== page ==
U.S. 24 cost cuts criticized

Replacing elevated interchanges will decrease highway's safety, some say.


Now, say McDonald and other critics, cost-cutting changes could render Indiana’s 11 miles of new road, estimated to cost about $130 million, only marginally safer than before.

At issue are three elevated interchanges previously planned where the new U.S. 24 crosses Indiana 101, Webster Road and Ryan-Bruick roads. According to Robert Alderman, director of the Indiana Department of Transportation’s Fort Wayne District, at-grade crossings will replace the interchanges, saving as much as $80 million. The interchanges could be added later if necessary, he said.

“We’re as concerned as anyone. But, as a new road, we have no real (traffic and safety) data,” Alderman said. “This will be a limited-access highway, people won’t be backing out of their driveways into traffic, and you won’t have people trying to pass 10 trucks.”

Despite the design change, Alderman said the state is buying land needed for the interchanges now and will also build bridges over the new U.S. 24 at Webster and Ryan and Bruick roads for horse-drawn buggies and nonmotorized vehicles.

The state’s willingness to build overpasses to protect the Amish – but not motorists – rankled Elaine Roemke, who has lived along Indiana 101 near U.S. 24 on a homestead owned by her family for more than 100 years.

“(The state) made the wrong change. There needs to be interchanges,” said Roemke, who attended an INDOT presentation on the project at Woodlan High School earlier this month. “Our feelings (about the design changes) just didn’t do any good. They didn’t recognize what we were saying.”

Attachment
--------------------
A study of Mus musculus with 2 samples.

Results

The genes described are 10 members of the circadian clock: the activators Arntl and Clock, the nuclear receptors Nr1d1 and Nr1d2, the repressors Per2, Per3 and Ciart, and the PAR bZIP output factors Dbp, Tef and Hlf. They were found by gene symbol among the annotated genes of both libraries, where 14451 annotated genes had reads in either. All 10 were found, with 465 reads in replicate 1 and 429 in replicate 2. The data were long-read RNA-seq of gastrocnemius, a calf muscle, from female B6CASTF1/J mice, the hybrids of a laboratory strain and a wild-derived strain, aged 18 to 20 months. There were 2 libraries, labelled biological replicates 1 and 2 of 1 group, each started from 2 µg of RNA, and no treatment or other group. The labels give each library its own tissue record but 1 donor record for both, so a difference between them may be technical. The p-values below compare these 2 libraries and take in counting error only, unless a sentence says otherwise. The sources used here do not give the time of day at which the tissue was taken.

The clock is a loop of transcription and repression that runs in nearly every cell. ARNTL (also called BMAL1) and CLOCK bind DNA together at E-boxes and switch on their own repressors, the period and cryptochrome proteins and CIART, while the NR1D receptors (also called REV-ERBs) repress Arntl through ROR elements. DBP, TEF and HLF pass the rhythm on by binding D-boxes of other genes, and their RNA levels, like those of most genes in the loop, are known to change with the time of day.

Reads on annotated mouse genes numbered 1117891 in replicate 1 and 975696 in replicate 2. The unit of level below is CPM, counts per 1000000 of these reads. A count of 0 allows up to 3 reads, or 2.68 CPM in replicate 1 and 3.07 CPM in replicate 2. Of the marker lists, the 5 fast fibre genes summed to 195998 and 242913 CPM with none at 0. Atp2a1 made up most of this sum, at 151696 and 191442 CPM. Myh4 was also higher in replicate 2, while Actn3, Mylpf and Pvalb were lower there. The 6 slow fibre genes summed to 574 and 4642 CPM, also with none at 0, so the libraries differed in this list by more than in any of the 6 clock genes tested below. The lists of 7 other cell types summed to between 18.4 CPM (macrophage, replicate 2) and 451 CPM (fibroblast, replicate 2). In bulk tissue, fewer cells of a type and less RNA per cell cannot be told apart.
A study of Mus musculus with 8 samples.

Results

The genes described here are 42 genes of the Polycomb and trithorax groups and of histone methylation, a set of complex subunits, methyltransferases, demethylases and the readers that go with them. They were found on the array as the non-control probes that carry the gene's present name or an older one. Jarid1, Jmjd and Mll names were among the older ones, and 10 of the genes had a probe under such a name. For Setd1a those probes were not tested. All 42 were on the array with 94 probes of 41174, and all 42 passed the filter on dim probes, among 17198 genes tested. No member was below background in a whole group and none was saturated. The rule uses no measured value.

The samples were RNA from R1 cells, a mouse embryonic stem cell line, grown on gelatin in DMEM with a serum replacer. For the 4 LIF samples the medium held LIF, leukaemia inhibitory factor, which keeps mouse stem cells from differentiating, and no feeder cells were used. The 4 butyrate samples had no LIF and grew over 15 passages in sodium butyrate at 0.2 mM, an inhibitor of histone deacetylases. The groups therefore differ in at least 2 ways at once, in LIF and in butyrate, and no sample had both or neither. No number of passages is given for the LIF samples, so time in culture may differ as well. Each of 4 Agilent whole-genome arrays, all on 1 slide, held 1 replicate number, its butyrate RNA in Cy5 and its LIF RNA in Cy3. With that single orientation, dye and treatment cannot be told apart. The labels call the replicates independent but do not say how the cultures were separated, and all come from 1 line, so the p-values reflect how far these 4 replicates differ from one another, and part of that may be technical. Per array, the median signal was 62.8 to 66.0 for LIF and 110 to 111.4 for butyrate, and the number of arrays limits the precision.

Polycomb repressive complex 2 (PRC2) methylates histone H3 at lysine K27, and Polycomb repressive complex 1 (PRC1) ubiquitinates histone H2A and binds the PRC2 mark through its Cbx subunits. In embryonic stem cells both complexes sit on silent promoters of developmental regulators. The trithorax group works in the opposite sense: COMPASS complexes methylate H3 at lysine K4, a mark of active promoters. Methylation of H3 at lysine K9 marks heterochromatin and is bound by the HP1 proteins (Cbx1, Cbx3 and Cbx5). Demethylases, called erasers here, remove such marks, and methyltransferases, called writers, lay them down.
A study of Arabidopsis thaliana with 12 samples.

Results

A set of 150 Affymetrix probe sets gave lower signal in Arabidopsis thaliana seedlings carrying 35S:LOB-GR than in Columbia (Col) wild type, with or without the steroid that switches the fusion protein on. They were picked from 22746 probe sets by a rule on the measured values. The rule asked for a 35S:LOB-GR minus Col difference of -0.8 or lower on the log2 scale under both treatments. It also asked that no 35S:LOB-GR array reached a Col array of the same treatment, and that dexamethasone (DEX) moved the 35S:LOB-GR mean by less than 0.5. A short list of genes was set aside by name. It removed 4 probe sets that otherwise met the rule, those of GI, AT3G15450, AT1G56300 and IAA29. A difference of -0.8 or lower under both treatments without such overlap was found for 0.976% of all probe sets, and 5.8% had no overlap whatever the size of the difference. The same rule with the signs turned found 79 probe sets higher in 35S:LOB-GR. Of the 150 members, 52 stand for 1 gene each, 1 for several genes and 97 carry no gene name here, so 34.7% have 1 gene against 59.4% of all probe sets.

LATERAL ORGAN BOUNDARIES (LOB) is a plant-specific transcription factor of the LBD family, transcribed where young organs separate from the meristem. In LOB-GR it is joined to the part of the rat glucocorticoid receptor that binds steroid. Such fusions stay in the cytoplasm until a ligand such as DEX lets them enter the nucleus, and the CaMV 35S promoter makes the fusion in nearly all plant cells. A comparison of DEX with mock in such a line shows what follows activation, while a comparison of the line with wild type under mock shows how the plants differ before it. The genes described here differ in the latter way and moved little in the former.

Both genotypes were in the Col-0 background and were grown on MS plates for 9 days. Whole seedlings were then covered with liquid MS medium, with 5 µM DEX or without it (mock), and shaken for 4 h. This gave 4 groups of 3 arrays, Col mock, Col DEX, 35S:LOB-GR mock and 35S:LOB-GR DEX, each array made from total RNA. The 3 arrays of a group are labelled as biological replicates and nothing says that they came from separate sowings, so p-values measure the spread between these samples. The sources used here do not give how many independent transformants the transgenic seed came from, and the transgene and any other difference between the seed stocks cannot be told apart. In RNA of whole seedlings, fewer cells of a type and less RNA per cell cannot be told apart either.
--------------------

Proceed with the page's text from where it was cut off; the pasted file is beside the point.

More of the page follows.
Although replacing what is mostly a winding two-lane highway with a straighter four-lane road should improve traffic flow and safety even without the interchanges, McDonald said the improvements could also create problems, such as increased speed and use, especially by heavy trucks. The lack of overpasses could also make it more difficult for farm machinery to cross U.S. 24 safely, McDonald said.

State officials last year announced they would spend $826 million on roads, bridges and highways this year – the result of Gov. Mitch Daniels’ “Major Moves” program funded by the lease of the Indiana Toll Road to a private company for $3.8 billion over 75 years. The cost of the project had to be reduced to qualify for Major Moves money, County Commissioner Linda Bloom said.

Construction could start next year near the Indiana-Ohio state line, said Alderman, a former state representative. As many as 8,000 vehicles use U.S. 24 between New Haven and the state line every day – and about half are trucks, according to Dan Avery, executive director of the Northeastern Indiana Regional Coordinating Council, a transportation planning agency. On most interstates, Avery added, trucks comprise less than 30 percent of the vehicles.

The number of crashes on the highway has been fairly consistent, Avery added, ranging from 34 to 41 every year between 2002 and 2006, when 14 of the 37 accidents resulted in injury or death. The most recent fatality occurred Sept. 21, when 60-year-old Alonzo Stevens of Woodburn died when a semi struck his pickup at the U.S. 24-Indiana 101 intersection during heavy fog.

“If I’m driving to Woodburn, I won’t even use U.S. 24 (because of safety concerns),” McDonald said. “The highway is a logjam of trailers.” Ohio, meanwhile, is including some elevated interchanges in its portion of the project.

McDonald said the state may save money now, but deferring construction of the interchanges until later could cost both lives and money as inflation increases the cost of materials and construction.

McDonald said he is meeting with area legislators, hoping to convince them to fight for more transportation money. “If they can spend millions of dollars in central Indiana, they can do it here,” he said. “Allen County is getting ripped off again. Enough’s enough.”